Gauging the future of the Spirit Pass 

Almost 3,000 people have taken Whistler Experience training this year

click to enlarge PHOTO SUBMITTED - Preparing Whistler Vancouver restaurateur Vikram Vij talks to members of the Whistler Chamber of Commerce about his experiences in business.
  • PHOTO submitted
  • Preparing Whistler Vancouver restaurateur Vikram Vij talks to members of the Whistler Chamber of Commerce about his experiences in business.

When the Whistler Chamber of Commerce retooled its Spirit Program in 2014 — partnering with the University of Victoria and rebranding it as the Whistler Experience — the hope was that it might move beyond a simple means to a discounted ski pass.

"The whole idea of the Whistler Experience program... was to make it relevant at a level almost more profound than the pass itself, where the program itself would not be directly impacted by pass price fluctuations," said Grant Cousar, acting CEO and chair of the chamber's board of directors.

"We think we're at that place."

Through the Whistler Experience, local workers can get world-class service training along with their discounted ski pass.

"We certainly think that it's worthy of a resume," Cousar said.

"I don't know how many places you get to go that you can get service training that's powered by a university-backed course."

With Vail Resorts' acquisition of Whistler Blackcomb last August, talk soon turned to how the cost of a season's pass in Whistler might be affected.

When Vail's Epic Pass comes online in full at Whistler Blackcomb next season, it will likely cost around US$849 — a discounted Spirit Pass through the chamber currently costs $1,439.

What that means for the future of the Spirit Pass isn't yet clear.

"We look forward to working with Whistler Blackcomb and trying to offer the best value program — both on training but also on the ski pass — we can, but that's a discussion that we'll continue to have, and it will become a more public conversation in the months to come," Cousar said.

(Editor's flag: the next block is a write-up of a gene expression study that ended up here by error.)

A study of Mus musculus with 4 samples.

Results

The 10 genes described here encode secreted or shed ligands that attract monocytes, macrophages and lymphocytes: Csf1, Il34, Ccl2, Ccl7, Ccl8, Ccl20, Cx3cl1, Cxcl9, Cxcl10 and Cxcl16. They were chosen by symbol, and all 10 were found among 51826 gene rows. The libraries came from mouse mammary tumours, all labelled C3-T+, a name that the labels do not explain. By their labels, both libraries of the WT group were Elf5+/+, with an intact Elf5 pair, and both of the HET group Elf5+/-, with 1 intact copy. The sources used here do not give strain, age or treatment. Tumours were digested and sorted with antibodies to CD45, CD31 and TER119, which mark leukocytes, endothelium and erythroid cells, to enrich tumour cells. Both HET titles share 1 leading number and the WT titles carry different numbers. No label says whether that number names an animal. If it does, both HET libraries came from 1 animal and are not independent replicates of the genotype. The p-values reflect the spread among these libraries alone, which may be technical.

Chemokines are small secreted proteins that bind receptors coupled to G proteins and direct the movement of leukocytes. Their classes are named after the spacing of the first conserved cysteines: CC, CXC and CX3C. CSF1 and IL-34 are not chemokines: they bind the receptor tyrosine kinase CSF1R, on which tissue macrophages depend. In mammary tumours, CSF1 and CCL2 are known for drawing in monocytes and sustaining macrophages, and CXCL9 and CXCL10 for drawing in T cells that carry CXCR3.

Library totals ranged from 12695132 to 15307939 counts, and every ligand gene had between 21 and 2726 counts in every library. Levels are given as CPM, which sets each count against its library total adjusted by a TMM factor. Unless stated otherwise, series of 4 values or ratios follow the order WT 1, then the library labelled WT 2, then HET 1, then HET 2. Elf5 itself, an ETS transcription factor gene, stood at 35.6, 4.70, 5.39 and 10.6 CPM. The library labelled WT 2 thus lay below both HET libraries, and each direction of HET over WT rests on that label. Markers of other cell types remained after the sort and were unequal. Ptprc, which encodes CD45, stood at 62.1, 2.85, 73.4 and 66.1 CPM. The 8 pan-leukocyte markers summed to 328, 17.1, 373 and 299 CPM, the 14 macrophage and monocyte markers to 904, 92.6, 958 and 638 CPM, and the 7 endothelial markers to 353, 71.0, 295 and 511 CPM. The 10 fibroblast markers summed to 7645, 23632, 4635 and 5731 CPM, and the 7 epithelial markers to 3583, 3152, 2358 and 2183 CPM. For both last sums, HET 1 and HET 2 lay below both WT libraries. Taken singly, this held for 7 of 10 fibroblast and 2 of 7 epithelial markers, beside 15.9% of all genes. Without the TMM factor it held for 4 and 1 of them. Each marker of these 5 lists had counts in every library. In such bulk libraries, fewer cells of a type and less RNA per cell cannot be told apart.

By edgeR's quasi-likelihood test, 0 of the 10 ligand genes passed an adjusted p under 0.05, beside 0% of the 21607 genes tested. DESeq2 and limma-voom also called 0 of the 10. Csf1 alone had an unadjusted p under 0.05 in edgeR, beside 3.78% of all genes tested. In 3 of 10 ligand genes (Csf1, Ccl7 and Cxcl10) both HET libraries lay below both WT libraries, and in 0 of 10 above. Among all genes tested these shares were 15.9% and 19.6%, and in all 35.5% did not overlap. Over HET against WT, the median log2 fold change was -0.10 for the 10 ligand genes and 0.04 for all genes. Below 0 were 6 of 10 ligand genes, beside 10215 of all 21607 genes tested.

For now, the chamber still sees the value in the training offered through the Whistler Experience.

"Certainly if folks are seeing that there isn't a value add, they're entitled to their opinion," Cousar said.

"We definitely believe with the training that's involved that there is a huge value add."

The program has seen solid attendance this year — almost 3,000 people have been through its courses, which is about 75 per cent of the total for all of last year, Cousar said.

"Given that we've still got I think four more of our major courses to run as well as all the onlines, we see no reason that we won't surpass last year's numbers," he said.

And the effect the program has had on service in Whistler is evident on a stroll through the village, he added.

"When you can walk through town and see smiling and engaged faces that genuinely want to help and show people around, and just better the whole life experience... the whole town seems to kind of have a gel that progresses us forward," he said.

"I'd like to think that Whistler Experience is a huge reason why we have that sort of jump in our step."